I’ve had a rule of thumb for data modeling that unfortunately I forget on a regular basis, so I thought I’d write it down to maybe help myself actually use it more.
The rule of thumb is “always separate user intent from derived behavior/business logic”.
This rule is particularly applicable to things like
status fields, which have a way of becoming “half-user controlled” and “half-system controlled”.
As the most recent example where I’ve run across this, consider a system of tasks for a stereotypical “tasks have predecessors/successor in a project plan”:
In terms of data model, we’ll focus on just a few things:
- There is a task
statusfield that has three potential values:
- The requirements state that the system handles all
NotStarted <-> InProgresstransitions, i.e. it “auto-starts” tasks once preceeding tasks are
- However only the user can say “this task is actually done (or not done)”.
An initial attempt at modeling this is a single
Task.status field that is an enum of
Then we use business logic to do “not rocket science but still somewhat nuanced” things like:
- Anytime a predecessor task changes maybe change the successor Task’s
status, but only if it’s not
- In the UI, treat
status = Completeas “you checked complete” but
status = NotStarted | InProgressas “you didn’t check complete”
This is all fine and not that bad, but we end up with a “sometimes the field is written by X and sometimes it is written by Y”:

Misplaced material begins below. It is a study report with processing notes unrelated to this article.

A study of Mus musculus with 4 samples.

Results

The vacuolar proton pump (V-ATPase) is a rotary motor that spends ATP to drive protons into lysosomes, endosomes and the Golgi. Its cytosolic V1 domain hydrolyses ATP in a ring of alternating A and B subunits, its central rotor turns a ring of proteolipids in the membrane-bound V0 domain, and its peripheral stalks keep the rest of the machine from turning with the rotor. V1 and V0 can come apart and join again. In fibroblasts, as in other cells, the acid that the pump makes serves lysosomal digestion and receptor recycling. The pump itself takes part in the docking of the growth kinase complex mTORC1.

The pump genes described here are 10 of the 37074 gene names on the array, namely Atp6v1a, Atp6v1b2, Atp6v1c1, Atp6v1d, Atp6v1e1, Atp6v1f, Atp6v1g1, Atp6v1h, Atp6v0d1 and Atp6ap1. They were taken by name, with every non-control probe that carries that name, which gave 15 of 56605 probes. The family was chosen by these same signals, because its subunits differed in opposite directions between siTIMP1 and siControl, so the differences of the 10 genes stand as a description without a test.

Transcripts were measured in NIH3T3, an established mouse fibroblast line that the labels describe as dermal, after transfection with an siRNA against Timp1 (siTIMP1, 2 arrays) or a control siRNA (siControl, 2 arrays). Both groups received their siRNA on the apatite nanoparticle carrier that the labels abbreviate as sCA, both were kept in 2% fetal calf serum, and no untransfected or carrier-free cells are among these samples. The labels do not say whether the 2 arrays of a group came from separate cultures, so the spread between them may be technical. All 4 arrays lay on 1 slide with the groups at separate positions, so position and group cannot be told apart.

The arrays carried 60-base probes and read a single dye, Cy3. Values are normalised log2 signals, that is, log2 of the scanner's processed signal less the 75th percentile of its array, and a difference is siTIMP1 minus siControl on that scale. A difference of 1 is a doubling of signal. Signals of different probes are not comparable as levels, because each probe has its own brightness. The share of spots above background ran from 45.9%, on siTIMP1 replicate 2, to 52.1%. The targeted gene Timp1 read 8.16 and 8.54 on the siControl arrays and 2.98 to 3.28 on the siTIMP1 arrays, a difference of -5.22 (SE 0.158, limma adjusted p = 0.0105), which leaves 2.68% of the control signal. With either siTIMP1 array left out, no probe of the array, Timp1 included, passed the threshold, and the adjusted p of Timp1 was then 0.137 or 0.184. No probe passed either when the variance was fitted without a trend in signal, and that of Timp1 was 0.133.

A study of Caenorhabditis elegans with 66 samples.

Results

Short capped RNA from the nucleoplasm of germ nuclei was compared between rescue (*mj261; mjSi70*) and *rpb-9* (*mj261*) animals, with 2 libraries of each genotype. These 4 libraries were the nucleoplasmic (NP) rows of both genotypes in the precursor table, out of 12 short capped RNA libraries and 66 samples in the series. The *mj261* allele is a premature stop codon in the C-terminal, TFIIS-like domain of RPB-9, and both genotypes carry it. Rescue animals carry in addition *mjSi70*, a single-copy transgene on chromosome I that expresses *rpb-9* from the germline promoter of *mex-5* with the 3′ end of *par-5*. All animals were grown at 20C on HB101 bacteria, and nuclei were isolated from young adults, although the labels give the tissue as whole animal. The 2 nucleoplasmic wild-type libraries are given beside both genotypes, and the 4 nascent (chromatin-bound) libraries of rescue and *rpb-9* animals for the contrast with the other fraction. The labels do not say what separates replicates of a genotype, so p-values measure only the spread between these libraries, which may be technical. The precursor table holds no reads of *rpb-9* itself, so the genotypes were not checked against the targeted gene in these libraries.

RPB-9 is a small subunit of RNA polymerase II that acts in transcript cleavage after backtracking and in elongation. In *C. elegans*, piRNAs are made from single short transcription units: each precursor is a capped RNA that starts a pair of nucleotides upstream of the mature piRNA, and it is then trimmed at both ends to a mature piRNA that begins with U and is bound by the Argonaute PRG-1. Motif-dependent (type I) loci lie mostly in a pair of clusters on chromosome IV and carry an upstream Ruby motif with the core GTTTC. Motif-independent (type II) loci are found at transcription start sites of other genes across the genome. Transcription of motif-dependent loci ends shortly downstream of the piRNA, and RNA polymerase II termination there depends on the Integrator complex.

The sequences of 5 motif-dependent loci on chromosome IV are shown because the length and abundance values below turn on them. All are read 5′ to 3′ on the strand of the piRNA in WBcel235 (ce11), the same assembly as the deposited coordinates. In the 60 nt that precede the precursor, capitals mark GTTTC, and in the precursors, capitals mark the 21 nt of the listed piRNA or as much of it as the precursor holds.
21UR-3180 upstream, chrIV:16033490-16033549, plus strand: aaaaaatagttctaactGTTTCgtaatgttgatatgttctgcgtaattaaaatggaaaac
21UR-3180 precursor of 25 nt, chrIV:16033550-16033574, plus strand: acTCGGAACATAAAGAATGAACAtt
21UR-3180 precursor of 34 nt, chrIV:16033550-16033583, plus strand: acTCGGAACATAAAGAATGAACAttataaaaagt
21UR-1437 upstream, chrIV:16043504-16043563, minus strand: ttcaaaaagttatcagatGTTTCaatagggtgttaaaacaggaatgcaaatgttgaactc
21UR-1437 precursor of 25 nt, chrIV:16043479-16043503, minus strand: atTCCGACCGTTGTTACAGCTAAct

Which is not terrible, but generally more of a “business logic is hidden in susceptible-to-being-spaghetti ‘push’ code”.
I.e. it’s pretty common in this setup for, if the user unchecks “task is complete”, to forget to re-run the “ah right, set it back to the ‘based on predecessors’ value” logic.
Generally a cleaner way of modeling things is to strictly delineate user intent from derived behavior, i.e.:
- The user intent of “this is complete yes/no” is it’s own “thing” (database field)
- The calculated “potential status based on predecessors” logic is it’s own thing (derived field)
- The calculated combination of “status based on user intent or potential status based on predecessors” is it’s own thing (another derived field)
I.e. our data model would move from having a single
status field to:
Task.is_completeis a boolean that is directly/always controlled by the user intent to mark “yes, this is/is not done”
Task.status_based_on_predecessors(probably not stored/persisted, so not a real column-in-the-db) does the calc of “this task should be
InProgressif all predecessors are
Task.statusstill exists, but is now derived (although likely still persisted for simplicity of reads) by the calculation “if
This moves the model to be more like a DAG of inputs with nodes of calculated values:
Which makes the application logic more functional, more reactive, rather than
if statements sprinkled in various places.
Granted, a separate but tempting tangent is that reactive / data flow paradigms have not generally taken hold on the server-side yet, especially at a “more than just lifecycle hooks within a single micro-service/monolith/ORM codebase” scale, so you still have to generally nudge/wire these derived values together, but I think the end result is still cleaner than the original “fuzzy ownership of a single field” approach.